By: Joseph Fanelli
Posted: Monday, April 22, 2019

According to findings presented in Nature Medicine, a single dose of PD-1 inhibitor before resection in patients with melanoma may predict clinical outcomes. Additionally, immune responses brought on by the therapy can peak as early as 7 days after treatment, concluded Alexander C. Huang, MD, of the Perelman School of Medicine at the University of Pennsylvania and the Parker Institute for Cancer Immunotherapy, and colleagues.

“Knowing so much earlier whether or not patients are responding to PD-1 inhibitors may give us the ability to guide them to the most appropriate therapy with the greatest chance for success,” Dr. Huang said in Penn Medicine News.

The study—which included reportedly the largest cohort of patients to be treated with anti–PD-1 agents before surgery—focused on 27 patients with melanoma. They receive a single dose of the PD-1 inhibitor pembrolizumab 3 weeks before surgery.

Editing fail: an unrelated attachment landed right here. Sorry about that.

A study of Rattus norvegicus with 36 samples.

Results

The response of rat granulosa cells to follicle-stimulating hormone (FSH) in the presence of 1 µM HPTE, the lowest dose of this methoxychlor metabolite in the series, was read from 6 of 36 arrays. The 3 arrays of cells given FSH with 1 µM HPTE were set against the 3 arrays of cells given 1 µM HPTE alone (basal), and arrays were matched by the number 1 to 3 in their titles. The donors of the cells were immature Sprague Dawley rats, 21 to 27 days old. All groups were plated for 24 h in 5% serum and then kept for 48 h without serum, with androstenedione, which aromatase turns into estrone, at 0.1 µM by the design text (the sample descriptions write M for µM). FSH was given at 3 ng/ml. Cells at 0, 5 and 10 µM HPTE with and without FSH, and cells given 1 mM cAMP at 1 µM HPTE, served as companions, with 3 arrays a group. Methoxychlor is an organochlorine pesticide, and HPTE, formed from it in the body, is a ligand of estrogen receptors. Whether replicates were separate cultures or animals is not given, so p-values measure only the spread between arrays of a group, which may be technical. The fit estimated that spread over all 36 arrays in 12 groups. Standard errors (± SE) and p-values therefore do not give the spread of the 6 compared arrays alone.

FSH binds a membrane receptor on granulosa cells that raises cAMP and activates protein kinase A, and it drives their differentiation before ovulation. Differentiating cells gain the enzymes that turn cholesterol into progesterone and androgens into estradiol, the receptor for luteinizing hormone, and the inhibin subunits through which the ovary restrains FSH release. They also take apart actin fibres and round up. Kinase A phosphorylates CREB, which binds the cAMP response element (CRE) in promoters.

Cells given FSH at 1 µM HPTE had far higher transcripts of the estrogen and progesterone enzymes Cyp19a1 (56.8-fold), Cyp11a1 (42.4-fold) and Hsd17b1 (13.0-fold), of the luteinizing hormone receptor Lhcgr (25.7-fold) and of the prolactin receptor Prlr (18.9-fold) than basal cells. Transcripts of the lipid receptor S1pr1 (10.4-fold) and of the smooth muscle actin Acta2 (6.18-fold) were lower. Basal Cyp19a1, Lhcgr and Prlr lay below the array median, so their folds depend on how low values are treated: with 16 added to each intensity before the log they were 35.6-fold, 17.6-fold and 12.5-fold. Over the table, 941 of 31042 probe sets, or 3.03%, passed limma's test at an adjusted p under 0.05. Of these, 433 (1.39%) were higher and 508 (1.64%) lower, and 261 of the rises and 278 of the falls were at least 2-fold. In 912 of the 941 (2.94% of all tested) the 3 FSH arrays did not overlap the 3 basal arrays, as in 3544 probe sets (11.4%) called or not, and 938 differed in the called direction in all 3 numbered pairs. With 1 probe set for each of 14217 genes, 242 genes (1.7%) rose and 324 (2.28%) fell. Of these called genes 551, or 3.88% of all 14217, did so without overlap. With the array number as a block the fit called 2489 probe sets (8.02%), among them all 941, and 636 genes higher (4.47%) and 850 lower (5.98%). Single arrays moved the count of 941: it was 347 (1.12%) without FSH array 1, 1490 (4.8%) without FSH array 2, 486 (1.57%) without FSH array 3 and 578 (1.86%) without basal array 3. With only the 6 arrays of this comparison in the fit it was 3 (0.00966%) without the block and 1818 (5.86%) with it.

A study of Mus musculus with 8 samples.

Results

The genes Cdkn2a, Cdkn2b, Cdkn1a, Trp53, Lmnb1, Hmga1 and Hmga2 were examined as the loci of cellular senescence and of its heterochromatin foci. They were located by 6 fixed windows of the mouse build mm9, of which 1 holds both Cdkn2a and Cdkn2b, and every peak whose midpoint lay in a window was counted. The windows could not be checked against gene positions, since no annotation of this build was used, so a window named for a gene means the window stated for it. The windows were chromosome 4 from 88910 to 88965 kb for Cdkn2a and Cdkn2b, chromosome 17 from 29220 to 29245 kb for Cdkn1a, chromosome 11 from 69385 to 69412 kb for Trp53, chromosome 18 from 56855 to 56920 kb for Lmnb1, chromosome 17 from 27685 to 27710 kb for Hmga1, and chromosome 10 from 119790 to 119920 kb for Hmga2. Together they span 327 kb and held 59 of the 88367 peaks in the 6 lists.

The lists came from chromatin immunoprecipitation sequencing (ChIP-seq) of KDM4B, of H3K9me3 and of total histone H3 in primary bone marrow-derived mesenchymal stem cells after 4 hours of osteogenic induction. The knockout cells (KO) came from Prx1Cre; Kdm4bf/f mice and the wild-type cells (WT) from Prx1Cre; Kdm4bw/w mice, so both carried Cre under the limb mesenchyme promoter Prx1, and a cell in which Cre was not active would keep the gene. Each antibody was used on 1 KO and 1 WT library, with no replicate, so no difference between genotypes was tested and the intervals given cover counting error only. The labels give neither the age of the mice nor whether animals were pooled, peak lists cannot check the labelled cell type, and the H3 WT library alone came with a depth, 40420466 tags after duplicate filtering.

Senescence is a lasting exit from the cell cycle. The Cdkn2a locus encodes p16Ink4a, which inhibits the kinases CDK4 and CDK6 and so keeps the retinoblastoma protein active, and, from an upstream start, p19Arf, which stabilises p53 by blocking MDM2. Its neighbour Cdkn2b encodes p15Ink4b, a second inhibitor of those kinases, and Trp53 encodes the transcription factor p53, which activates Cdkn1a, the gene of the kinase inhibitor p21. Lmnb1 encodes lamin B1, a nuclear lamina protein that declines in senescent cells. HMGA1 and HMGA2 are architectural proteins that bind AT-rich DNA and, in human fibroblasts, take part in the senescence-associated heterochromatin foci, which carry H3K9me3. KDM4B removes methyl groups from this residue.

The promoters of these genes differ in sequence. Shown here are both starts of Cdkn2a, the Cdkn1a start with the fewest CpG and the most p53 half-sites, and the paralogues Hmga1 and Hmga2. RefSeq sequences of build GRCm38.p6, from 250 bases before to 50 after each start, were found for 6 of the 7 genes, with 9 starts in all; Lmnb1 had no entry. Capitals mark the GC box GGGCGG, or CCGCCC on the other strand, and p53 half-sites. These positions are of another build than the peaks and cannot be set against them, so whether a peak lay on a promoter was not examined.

Researchers identified a rapid antitumor response, with 8 of the 27 patients experiencing a complete or major pathologic response after a single dose of pemrolizumab. All 8 of those patients were disease-free after 2.5-month follow-up. The rapid pathologic and clinical responses were associated with accumulation of exhausted CD8 T cells in the tumor at 3 weeks, with reinvigoration in the blood observed as early as 1 week.

“We’ve now identified patterns in the way the cancer can adapt to survive, meaning we may be able to guess it’s next move after PD-1 treatment,” Dr. Huang added. “The longer into treatment we go, the more mutations and resistance mechanisms we find, but identifying the means of resistance early after starting therapy in resected tumors means the resistance mechanisms may be more predictable, which is another benefit of giving this treatment before surgery.”

Disclosure: The study authors’ disclosure information may be found at nature.com.